Doha will go its way
By Manish Rai
Last year in June Saudi Arabia, the UAE, Bahrain and Egypt imposed a land, sea, and air blockade on Qatar for its alleged support to terror outfits and being too close to Iran. The Arab neighbours thought that by imposing this blockade they can pressurise Qatar to set aside its own ambitious foreign policy and toe the line of its bigger neighbours. But during the siege period, new military, security, economic, commercial, media and other agreements have been signed by Qatar. The Qatar economy is also witnessing a 5.5% growth, which is pretty impressive. Economic fundamentals remain sound as illustrated by the high ratings across by major ratings agencies. Economists also believe Qatar with its strong fundamentals will outperform its peers in the GCC this year in view of its economic diversification, while on the other hand Saudi Arabia will enter contraction amid oil production cuts and spending rationalisation by the government. Doha’s hydrocarbon exports have continued uninterrupted, new sea trade routes have been established. Now state is aiming to achieve higher degree of self-sufficiency in food sector which was worse effected because of this blockade as Qatar imports most of its food requirements.
To put it in nutshell, this blockade of Qatar has proved to be ineffective or rather I say it has been counterproductive. Now that Doha has been able to absorb the initial shock of the siege and it has re-oriented itself to accommodate the new facts on the ground, Qatar will be much bolder in pursuing its independent foreign policy. Rarely any state changed its character so completely in such short period of time like Qatar has done. Earlier content to play a role according to its small size, Qatar was a traditional, risk-averse Gulf monarchy until the early 1990s. But the bloodless coup in 1995 brought to power an emerging elite with an ambitious vision for the future. Heavily funded by gas exports and protected by United States. Qatar diversified its foreign relations and even included untouchables in Arab world, that is Iran and Israel, in its diplomacy. Instead of submitting to the demand of Gulf states of distancing itself from Iran and Muslim Brotherhood, Qatar has only deepened its alliances with Iran and Turkey and it’s supporting Brotherhood affiliates especially Hamas with greater resources now. For quite a while Qatar has been a supporter of Muslim Brotherhood political Islam. Recently Turkey sent additional troops to its base in Doha and Iranian shipping lines have now switched their transport services to Qatar, instead of the UAE and Oman.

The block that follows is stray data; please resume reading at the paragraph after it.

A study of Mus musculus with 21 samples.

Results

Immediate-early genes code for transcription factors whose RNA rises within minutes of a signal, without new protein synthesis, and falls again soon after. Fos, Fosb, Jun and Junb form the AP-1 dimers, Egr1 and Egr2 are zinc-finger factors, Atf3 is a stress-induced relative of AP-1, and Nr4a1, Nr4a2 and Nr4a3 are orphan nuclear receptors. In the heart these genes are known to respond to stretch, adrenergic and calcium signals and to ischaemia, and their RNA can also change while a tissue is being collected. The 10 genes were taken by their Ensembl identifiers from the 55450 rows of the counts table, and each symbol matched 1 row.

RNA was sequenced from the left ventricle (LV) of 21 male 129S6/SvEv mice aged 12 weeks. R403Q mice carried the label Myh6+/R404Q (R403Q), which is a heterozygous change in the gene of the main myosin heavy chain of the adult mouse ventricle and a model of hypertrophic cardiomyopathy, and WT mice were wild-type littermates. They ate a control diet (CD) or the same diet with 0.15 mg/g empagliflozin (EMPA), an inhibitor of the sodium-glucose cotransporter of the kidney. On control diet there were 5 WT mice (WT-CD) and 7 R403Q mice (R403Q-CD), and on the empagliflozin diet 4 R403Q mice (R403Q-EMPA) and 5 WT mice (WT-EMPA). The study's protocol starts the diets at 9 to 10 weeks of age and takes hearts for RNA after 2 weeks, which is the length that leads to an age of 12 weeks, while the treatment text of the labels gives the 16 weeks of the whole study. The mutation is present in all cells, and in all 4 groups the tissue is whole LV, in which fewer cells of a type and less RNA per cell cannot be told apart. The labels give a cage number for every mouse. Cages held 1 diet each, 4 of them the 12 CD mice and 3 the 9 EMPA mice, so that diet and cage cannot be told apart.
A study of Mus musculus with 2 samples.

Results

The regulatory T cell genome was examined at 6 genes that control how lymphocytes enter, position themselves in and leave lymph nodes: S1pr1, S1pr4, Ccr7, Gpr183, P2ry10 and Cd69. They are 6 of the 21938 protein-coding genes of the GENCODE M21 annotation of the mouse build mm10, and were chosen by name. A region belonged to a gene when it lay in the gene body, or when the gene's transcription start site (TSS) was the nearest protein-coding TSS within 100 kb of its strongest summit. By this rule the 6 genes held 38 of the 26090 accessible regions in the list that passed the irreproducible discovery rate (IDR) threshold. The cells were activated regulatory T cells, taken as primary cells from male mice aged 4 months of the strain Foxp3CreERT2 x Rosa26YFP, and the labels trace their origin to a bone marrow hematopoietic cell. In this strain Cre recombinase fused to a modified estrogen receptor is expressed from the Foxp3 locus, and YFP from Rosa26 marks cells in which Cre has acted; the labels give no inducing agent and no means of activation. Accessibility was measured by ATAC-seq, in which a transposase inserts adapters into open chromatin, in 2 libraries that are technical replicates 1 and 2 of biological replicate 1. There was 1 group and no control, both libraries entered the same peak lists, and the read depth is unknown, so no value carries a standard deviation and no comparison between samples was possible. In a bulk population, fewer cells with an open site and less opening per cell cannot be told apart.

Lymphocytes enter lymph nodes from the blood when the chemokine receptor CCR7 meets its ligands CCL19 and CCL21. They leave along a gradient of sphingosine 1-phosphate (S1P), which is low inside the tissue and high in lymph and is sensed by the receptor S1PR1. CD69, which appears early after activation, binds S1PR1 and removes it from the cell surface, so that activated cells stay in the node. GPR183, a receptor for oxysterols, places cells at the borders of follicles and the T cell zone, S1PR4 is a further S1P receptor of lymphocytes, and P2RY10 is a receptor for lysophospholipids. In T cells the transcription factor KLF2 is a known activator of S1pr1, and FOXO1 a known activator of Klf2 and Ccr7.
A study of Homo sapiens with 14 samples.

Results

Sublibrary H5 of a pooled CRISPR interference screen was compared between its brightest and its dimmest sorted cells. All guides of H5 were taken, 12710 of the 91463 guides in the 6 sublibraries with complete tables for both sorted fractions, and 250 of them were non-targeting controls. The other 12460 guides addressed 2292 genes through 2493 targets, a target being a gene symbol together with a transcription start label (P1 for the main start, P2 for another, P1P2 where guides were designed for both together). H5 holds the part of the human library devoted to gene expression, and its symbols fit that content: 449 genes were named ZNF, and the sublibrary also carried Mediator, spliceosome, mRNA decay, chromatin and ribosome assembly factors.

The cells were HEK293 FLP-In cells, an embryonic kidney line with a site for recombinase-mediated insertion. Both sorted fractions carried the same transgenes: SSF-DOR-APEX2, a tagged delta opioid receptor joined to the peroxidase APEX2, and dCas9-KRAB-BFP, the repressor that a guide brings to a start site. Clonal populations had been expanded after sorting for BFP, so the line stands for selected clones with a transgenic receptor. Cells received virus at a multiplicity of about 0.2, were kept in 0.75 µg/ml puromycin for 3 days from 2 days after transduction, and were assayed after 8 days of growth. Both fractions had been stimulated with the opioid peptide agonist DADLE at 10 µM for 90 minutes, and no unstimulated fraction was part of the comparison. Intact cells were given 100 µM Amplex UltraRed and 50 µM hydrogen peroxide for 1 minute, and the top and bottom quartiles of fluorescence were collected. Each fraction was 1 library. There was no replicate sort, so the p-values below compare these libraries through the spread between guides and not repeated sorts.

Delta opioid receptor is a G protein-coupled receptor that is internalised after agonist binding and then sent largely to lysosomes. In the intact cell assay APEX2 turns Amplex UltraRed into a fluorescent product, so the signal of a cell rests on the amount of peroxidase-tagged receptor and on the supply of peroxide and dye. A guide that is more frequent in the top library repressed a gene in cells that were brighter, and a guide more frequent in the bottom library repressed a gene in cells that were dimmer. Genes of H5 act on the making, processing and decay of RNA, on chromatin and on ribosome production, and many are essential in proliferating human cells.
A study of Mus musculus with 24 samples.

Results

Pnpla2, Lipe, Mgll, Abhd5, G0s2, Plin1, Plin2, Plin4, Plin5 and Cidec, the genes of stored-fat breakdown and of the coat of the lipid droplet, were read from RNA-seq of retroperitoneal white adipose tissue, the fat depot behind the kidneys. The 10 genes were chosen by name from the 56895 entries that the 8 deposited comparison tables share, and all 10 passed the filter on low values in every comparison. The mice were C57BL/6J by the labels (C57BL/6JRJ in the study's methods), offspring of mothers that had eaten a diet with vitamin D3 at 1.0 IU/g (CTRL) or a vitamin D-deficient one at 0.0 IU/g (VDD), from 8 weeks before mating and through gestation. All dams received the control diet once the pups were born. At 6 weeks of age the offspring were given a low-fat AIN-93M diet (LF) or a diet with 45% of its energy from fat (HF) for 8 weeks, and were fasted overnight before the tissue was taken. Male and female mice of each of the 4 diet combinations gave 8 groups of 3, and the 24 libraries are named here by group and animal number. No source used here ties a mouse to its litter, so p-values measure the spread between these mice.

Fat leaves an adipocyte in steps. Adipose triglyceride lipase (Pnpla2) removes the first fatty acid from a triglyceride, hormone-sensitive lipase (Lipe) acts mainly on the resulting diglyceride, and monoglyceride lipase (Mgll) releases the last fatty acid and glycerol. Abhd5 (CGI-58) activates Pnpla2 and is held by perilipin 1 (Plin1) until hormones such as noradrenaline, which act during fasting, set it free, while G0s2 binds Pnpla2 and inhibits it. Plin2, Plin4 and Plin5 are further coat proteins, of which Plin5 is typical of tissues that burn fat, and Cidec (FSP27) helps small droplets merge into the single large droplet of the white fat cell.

Since the beginning of new assertive foreign policy after 1995, Qatari regional role didn’t follow simple alliance structures but, it mediated and interacted in regional issues. It adopted a very delicate posture towards its foreign relations in regards to regional and international actors, a balancing act which until now played an important role in raising Qatar’s international profile as a regional power broker and an indispensable nation in regional power dynamics. On one hand, Qatar supported monetarily Islamist movements like Hamas and Muslim Brotherhood and on the other hand, yet, it enjoys cordial relationships with Europe and U.S. But now to add more weight to its foreign policy aspirations, Qatar is also very eager to expand its arsenal recently it acquired Chinese-made short range ballistic missiles SY-400. Qatar has also spent tens of billions of dollars on new fighter jets, tanks and warships. It no longer want to depend only on US and Turkey for its protection it wishes to become a middle level military power in the region. So that it can pursue its policy without any fear and any military attack against it is unlikely.
This tussle between Qatar and its Arab neighbours could spark a much larger conflict as no side is compromising on its stand. This kind of continuing crisis in the Gulf could have detrimental effects on the rest of the Middle East. In this sense, more Arab states would be destabilised as they are pressured to choose sides. Iran and Turkey influence would certainly increase in the region. This power game will definitely lead to a state of polarization at a regional level and will result in expansion of proxy wars against each other. With the continuation of this crisis, another significant effect will be on the institution of Gulf Cooperation Council (GCC) which is already being divided into two camps: one led by Saudi Arabia and includes UAE and Bahrain and another camp consists of Qatar with tacit support of Oman and Kuwait. This ongoing crisis will make GCC a totally ineffective institution like Arab League. The GCC as an organisation will become greatly marginalised, dysfunctional, and irrelevant, as a result of which the dream of GCC for a common currency and defence union will be next to impossible to achieve in near future. In the time of global integration this kind of regional disintegration will have a severe cost for everyone.
(Author is a columnist for Middle-East and Af-Pak region and Editor of geo-political news agency Viewsaround. Currently based in Doha, he can be reached at email@example.com)
Originally published at Arabian Post.